YouTube is celebrating its 10-year anniversary. We’re glad YouTube has managed to survive the copyright wars, when so many other services did not. We hope we even helped. So, congratulations YouTube, well done. Wouldn’t fixing ContentID be a great way to celebrate it?
YouTube has come to be one of the most important platforms for speech and entertainment on the Internet. It is hard to remember the days when you had to make sure to have all the right codecs to play online video. YouTube has also been an amazing platform for those who wish to express themselves creatively. ‘Going viral’ became much more of a thing once YouTube became part of the zeitgeist.
YouTube’s huge popularity can be attributed to the users who create and share content on the site with the world. The Evolution of Dance created by motivational speaker and comedian Judson Laipply was the site’s first breakout hit. Users like Mr. Laipply were creating content for the site when Hollywood was actively engaged in removing as much of it as possible. The executives of media companies were regularly quoted declaring YouTube as a haven for infringement and issuing veiled threats on how they would deal with the startup. In an effort to answer that criticism, not to mention generate a new revenue source for both itself and small and large artists and copyright holders, YouTube created Content ID.
Implementation of ContentID
ContentID is supposed to help rightsholders and content creators manage and monetize their content on the site. The system works by checking every video upload against a database of audio and video “fingerprints” submitted by rightsholders. So when you upload a video, the ContentID tool can spot a song snippet used in that video, and the rightsholder gets to decide what happens when there is a match by setting “usage restrictions” — it can elect to Block, Track, or Monetize (i.e., get a portion of revenue generated from ads around the video).
When ContentID first launched, we were wary of the dangers that an automated filtering system like ContentID posed, and warned against the system’s potential to automatically censor fair uses. Unfortunately, our predictions have largely come to be true.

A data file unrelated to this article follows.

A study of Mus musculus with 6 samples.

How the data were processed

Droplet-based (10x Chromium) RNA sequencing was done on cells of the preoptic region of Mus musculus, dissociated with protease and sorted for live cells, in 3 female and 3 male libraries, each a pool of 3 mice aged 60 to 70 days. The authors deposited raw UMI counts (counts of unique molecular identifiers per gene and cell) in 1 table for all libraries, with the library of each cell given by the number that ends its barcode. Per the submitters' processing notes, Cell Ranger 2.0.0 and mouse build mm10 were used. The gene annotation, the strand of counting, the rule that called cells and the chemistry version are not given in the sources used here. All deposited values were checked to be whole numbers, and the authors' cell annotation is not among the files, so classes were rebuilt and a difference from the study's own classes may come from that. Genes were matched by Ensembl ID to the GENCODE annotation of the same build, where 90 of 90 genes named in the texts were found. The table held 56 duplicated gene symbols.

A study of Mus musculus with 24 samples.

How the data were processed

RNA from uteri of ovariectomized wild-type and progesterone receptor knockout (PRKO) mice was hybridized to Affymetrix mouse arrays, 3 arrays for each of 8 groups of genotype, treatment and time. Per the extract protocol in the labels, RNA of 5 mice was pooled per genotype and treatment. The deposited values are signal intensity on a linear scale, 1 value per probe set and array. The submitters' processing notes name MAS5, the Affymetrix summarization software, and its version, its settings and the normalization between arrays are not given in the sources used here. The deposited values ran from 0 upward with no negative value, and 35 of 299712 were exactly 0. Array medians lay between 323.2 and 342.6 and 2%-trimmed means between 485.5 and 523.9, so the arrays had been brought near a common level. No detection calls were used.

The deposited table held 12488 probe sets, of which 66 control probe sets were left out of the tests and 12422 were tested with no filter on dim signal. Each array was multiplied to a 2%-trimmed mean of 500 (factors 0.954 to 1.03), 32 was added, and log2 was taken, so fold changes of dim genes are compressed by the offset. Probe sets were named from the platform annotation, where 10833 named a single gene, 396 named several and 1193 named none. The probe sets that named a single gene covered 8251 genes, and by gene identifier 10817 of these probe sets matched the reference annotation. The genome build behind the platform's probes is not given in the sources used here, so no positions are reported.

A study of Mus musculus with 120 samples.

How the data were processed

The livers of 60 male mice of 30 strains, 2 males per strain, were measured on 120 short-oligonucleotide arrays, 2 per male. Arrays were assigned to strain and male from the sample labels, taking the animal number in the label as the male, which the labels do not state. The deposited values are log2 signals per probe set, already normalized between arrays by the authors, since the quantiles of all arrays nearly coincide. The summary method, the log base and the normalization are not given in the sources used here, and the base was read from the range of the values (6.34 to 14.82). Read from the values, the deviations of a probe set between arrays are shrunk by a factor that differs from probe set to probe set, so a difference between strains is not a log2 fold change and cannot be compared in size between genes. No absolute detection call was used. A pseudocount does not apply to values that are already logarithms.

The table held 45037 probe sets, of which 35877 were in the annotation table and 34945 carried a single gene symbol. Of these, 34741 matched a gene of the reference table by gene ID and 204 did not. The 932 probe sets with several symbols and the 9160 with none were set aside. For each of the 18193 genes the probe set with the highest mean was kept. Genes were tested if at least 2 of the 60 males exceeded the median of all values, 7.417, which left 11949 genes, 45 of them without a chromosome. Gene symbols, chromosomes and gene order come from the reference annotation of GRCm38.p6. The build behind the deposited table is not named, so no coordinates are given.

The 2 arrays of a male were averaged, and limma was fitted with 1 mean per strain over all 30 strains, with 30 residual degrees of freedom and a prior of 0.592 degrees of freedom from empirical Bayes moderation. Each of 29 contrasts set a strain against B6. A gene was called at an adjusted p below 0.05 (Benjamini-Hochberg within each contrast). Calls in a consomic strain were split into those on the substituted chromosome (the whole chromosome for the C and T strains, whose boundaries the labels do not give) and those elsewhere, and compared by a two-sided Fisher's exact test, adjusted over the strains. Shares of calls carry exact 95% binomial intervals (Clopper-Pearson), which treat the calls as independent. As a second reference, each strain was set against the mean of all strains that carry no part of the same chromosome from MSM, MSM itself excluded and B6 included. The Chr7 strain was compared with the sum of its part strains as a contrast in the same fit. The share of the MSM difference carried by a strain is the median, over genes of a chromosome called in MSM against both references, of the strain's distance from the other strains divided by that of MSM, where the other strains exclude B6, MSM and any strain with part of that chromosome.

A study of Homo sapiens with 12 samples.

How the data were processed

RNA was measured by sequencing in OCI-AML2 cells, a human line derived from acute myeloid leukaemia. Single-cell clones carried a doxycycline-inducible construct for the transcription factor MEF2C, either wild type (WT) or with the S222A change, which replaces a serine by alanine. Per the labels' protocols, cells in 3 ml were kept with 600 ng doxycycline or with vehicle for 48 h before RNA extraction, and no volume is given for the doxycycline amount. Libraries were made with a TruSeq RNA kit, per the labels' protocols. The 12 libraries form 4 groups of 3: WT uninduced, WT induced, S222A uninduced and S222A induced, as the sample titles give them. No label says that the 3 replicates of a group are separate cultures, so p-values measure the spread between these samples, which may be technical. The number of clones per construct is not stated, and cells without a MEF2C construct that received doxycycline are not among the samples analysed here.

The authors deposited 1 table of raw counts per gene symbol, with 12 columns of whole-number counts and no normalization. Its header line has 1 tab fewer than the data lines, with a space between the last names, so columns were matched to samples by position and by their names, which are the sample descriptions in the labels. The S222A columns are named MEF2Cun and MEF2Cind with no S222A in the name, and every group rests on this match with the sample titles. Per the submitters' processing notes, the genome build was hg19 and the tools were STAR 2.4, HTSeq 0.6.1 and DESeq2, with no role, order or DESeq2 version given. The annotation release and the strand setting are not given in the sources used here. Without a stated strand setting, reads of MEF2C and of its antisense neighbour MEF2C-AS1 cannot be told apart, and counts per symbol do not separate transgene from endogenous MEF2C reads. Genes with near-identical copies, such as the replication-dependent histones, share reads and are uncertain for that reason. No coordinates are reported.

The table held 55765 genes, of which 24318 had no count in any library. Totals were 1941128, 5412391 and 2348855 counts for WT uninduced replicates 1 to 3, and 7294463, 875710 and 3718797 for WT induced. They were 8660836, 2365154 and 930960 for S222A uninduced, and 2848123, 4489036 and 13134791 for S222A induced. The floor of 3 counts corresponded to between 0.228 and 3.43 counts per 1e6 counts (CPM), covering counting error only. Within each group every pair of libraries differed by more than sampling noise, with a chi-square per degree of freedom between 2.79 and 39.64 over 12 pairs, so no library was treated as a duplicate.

Video remix artist Jonathan McIntosh had his works flagged by ContentID despite clearly falling under fair use.
Users can appeal ContentID matches. But that process, while greatly streamlined over time, is still challenging. Here’s how it works:
The current ContentID regime on YouTube is stacked against the users. For example, rights holders get 30 days to decide whether or not content actually infringes on their copyright, and whether it constitutes fair use. The aforementioned earliest YouTube hit, the Evolution of Dance, alone could conceivably have had 32 ContentID matches. If its creator had gotten bogged down in ContentID appeals and challenges, it might never have emerged as a cultural phenomenon.
As a powerful global platform with millions of users, YouTube must do more to protect the users who supported the site early on as opposed to the rightsholders who wanted nothing more than to shut it down in the name of infringement. YouTube must ensure that ContentID isn’t a vehicle for semi-automated censorship.
First, any companies caught uploading fingerprints to YouTube’s database despite not holding exclusive rights to the material should be kicked out of the program. Second, YouTube should pressure its ContentID partners to take into account fair use while reviewing ContentID matches. Other possible additional steps could be to acknowledge that fair uses are sometimes incorrectly flagged and hold uploader revenues in escrow instead of blocking them, and experiment with empowering users to proactively indicate their videos make fair use of existing content.